Penalties and consequences that come with threatening school

CHARLESTON, SC (WCSC) - Since the Parkland shooting on Feb. 14 there have been at least nine different cases in the Lowcountry of threatening incidents towards schools or people inside of them.

The nine instances range from threats of violence towards the school, suspicious phones calls saying shooters are in place, to social media postings against other students.

This does not include the rumors against schools or districts.

A Berkeley County School District official said there have been two threats since Feb. 14 including an instance at Cane Bay High School where a man contacted the school stating shooters were in place to the shoot the windows out in the school.

Officials with Dorchester District 2 said in that time frame there have been three situations that occurred, all at the middle school level.

Those situations were social media posts against other students and were not threatening against life or harm and posed no danger to the school.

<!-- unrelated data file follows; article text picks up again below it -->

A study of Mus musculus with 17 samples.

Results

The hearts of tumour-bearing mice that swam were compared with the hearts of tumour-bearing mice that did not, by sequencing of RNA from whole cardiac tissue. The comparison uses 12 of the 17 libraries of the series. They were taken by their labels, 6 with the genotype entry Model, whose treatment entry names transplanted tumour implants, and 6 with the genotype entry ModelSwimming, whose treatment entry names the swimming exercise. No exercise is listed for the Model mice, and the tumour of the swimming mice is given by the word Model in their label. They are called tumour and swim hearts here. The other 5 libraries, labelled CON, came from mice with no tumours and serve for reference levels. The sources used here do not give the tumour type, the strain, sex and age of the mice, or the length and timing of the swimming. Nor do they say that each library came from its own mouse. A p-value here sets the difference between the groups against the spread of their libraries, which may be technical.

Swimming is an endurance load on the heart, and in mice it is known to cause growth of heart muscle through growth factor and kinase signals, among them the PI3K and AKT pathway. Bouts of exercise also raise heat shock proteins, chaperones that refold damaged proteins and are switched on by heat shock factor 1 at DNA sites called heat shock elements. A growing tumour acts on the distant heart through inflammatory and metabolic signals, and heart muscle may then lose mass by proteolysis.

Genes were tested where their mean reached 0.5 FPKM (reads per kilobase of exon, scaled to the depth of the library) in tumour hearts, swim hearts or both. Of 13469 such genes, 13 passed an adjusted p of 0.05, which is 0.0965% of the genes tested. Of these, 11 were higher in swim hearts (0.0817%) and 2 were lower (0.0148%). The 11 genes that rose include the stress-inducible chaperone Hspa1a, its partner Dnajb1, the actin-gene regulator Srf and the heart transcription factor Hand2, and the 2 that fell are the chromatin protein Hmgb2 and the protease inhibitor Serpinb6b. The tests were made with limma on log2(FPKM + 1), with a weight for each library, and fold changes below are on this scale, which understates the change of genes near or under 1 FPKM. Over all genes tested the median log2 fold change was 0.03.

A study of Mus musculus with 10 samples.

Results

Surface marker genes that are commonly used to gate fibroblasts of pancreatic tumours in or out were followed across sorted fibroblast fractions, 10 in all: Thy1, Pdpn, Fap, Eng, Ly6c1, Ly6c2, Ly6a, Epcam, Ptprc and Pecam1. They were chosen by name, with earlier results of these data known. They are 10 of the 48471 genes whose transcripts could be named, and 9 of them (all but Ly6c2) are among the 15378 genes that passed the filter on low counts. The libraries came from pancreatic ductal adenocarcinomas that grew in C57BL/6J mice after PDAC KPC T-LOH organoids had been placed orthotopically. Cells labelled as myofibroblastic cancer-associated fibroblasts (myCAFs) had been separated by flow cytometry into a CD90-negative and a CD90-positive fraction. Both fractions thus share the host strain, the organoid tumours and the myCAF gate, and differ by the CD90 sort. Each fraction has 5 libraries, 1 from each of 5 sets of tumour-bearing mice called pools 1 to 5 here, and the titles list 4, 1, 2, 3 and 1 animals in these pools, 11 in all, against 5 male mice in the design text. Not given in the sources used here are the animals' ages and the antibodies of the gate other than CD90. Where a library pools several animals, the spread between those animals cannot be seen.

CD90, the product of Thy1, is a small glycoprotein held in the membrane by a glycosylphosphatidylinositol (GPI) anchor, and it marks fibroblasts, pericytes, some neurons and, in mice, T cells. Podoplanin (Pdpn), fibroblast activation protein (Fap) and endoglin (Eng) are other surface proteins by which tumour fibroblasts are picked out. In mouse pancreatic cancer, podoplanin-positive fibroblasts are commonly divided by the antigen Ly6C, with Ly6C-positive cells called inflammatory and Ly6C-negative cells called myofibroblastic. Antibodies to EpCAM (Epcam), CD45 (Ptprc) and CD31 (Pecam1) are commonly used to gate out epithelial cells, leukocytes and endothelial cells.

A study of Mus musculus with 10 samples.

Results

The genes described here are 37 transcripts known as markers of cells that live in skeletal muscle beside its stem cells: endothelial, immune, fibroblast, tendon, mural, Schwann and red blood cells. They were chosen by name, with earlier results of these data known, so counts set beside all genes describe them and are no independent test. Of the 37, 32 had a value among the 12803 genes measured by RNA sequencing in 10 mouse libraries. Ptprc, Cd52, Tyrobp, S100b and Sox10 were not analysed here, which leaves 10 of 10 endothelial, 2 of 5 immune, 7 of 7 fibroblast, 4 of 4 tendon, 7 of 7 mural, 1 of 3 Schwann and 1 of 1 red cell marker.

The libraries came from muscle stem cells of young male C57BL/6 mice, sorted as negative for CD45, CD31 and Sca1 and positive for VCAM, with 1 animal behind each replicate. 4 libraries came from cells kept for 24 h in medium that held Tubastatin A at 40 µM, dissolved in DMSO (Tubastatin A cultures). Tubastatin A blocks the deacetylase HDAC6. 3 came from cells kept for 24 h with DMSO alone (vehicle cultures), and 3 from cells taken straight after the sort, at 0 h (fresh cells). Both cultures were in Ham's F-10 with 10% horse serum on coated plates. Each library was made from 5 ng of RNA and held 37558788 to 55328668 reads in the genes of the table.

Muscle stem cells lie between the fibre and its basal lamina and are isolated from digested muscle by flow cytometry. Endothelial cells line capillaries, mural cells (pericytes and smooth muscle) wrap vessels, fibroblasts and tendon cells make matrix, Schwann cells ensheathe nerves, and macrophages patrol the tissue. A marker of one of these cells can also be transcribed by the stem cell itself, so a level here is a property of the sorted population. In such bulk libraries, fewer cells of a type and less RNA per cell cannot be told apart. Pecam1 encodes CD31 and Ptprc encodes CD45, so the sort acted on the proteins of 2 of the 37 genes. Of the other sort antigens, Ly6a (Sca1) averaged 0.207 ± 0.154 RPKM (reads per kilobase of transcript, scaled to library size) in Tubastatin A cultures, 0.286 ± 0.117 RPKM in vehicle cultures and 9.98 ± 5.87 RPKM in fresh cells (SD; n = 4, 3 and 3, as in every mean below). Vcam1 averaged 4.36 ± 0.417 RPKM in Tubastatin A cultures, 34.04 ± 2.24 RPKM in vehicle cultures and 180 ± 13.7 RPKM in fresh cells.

The Charleston County School District did not immediately respond to Live 5's request, but officials with North Charleston Police Department said there was an incident at North Charleston Elementary where a student brought an airsoft toy gun to school.

In Colleton County, the district did not immediately reply.

However, Colleton County Sheriff's office said Friday that a student was detained on school grounds after reports of a verbal threat to shoot up the school.

The Georgetown County Sheriff's Office said it looked into several rumors of school violence, but that was unsubstantiated.

Additionally, they said there were two cases of disturbing schools in the past week.

When it comes to threats against students or schools, attorney Arthur McFarland said the people who make the threats only get a misdemeanor.

McFarland said that equates to roughly a thousand dollar fine and possibly 30 days in jail

One mom says if she got a call something was happening at the school it would terrify her, and more should be done to people who call in the threat.

"I think a thousand dollars is not enough. really and truthfully to be honest with you," Engela Willis said."I remember as a child for me whenever I got in trouble or something like that it, I've realized it falls on the parents."

A bill going through the State House would make more severe penalties against students who make fake threats to schools.

The bill would give officers and deputies more tools to hold students who make fake threats accountable.

It was proposed by Charleston Sen. Sandy Senn.